State wildlife officials across the country have used robot decoys to nab unscrupulous hunters for decades. Their efforts have paid off: hundreds of deer poachers across America have received citations.
In 2006, the State of Georgia had to replace a robotic deer decoy after the “deer” was shot more than 1,000 times.
Amy Canning, spokesperson for the Utah Division of Wildlife Resources (DWR), said It’s a time of year when some Utahns can’t resist the sight of a big buck on the side of the road—even if shooting hours are over for the day. Hunting is illegal in Utah beginning one-half hour after sunset until one-half hour before sunrise; however, authorities say the sight of a big deer on the side of a road may be too tempting for some poachers to resist.
Each of Utah’s five DWR regions now have their own robot decoys deployed in various spots along roadways where deer often gather or poachers were a problem in the past. Authorities place the mechanical deer near a road where people driving past the “deer” can see the decoy. Park rangers then they hide nearby and watch for an unsuspecting poacher to take the bait.
Utah’s DWR Sgt. Matt Briggs said they wait for someone to take the bait, and use remote control to move the “deer’s” head and tail to make it look as realistic as possible. We try to mimic some of the movement that takes place in the field.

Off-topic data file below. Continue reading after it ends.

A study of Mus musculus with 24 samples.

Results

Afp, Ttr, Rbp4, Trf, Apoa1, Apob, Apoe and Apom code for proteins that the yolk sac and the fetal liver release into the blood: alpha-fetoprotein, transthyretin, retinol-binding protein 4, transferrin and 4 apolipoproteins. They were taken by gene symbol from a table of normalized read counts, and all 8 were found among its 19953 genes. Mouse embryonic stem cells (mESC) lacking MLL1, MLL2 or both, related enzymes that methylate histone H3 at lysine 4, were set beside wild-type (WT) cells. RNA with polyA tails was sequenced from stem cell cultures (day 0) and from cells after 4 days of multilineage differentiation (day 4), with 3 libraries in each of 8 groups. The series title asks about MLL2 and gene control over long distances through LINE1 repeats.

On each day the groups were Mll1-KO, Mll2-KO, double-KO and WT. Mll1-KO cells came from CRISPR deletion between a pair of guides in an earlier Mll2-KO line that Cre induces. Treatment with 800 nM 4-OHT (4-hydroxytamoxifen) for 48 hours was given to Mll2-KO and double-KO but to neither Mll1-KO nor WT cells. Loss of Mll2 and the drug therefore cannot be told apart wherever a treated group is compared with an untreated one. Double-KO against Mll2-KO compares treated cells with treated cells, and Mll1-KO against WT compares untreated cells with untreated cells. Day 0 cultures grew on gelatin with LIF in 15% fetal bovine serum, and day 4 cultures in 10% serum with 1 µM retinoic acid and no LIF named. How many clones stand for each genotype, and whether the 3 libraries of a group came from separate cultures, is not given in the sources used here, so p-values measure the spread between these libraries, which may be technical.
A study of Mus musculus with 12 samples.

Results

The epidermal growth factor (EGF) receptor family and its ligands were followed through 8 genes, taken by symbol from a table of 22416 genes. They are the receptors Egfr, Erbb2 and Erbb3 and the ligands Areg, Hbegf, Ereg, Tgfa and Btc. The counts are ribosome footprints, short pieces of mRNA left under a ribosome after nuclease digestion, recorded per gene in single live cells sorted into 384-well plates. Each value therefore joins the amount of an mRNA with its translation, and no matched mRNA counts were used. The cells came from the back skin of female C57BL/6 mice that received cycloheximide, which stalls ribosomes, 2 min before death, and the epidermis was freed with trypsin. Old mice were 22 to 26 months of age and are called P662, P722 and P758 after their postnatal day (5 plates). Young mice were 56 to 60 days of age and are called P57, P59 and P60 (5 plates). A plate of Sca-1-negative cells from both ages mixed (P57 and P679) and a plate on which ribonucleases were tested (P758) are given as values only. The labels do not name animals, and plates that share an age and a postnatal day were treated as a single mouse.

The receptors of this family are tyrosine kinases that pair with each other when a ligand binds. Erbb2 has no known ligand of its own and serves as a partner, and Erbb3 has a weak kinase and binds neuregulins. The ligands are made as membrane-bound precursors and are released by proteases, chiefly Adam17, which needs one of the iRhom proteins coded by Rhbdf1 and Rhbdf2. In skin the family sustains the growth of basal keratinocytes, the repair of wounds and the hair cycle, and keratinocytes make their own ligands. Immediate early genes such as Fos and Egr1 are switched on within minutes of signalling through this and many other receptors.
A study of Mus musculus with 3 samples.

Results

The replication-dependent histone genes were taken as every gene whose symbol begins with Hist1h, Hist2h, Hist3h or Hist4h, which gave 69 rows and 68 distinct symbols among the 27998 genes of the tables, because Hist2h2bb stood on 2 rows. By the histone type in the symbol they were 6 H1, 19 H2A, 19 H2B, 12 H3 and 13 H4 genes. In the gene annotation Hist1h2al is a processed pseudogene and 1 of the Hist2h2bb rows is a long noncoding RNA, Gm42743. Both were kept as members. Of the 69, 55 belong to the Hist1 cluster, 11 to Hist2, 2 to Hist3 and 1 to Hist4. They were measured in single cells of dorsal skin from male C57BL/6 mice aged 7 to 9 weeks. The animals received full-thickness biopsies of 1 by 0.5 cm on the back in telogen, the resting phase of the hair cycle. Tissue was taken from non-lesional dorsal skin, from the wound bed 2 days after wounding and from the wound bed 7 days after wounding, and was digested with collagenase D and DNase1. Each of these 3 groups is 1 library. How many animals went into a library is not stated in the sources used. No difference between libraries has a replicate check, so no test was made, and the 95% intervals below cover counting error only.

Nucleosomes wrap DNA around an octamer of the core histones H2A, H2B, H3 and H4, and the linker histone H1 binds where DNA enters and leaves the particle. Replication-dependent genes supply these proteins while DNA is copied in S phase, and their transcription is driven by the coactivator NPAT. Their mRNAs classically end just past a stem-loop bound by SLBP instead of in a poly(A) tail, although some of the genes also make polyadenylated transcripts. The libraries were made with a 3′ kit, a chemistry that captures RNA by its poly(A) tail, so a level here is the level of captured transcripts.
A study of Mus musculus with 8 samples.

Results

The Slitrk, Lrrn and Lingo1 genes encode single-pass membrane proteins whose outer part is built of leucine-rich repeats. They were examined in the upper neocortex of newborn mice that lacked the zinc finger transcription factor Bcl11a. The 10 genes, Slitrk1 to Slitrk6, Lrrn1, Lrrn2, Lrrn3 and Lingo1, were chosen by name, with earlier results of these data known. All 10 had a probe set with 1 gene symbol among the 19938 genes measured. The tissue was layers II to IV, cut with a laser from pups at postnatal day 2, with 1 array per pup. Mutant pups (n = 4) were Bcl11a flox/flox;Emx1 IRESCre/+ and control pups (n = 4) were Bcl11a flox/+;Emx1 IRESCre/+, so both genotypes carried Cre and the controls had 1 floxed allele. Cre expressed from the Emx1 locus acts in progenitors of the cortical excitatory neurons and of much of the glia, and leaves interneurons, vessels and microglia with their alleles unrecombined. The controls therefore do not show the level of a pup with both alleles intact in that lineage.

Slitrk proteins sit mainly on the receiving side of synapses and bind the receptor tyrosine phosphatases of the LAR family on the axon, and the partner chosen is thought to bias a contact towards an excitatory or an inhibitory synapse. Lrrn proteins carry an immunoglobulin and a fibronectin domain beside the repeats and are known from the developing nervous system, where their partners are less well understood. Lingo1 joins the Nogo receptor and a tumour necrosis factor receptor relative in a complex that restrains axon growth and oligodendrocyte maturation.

Hunters generally use headlights to illuminate the deer, then shoot. Briggs said doesn’t matter whether the weapon is a bow and arrow or a rifle. If poachers hunt deer at night without special permission, it’s illegal.
The shooters in Utah are issued a class B misdemeanor citations, punishable by up to six months in jail and up to a $1,000 fine. Authorities also seize their weapons.
Briggs said he’s seen it all, from bow hunters who shoot multiple arrows at the inanimate deer, amazed it’s not going down, to shooters repeatedly firing rifles shots at the mechanical beast. I’ve seen an individual shoot it with a 30-06 [rifle] and couldn’t figure out why it didn’t go down after he hit it five or six times. It can be really entertaining.
Lt. Bill Bruce of the Indiana Department of Natural Resources said poachers are catching on to the ruse. Many are now wary of shooting deer from the road, not only for fear of arrest, but also out of embarrassment. He said, If somebody gets caught shooting the deer from the road, it ruins their reputation as a hunter. Their name goes up on the wall of shame among local hunters
His state’s decoy was effective for 10 years, but was not deployed in 2010 because the cervidae automatons became less useful in trapping poachers.
Florida State Fish and Wildlife Conservation Commission spokesperson Katie Purcell said state officers use robotic deers in all six of the state’s wildlife regions. It’s been successful at catching poachers. It’s a tool that officers can take to where the violation is actually happening.
Hopefully, the success of these deer traps may inspire a robotics engineer out there to create robotic elephants, lions, tigers, and other robotic creatures to protect endangered species.
Mad Mike’s America thanks the AP.
How can the robotic deer be adapted to protect other endangered species?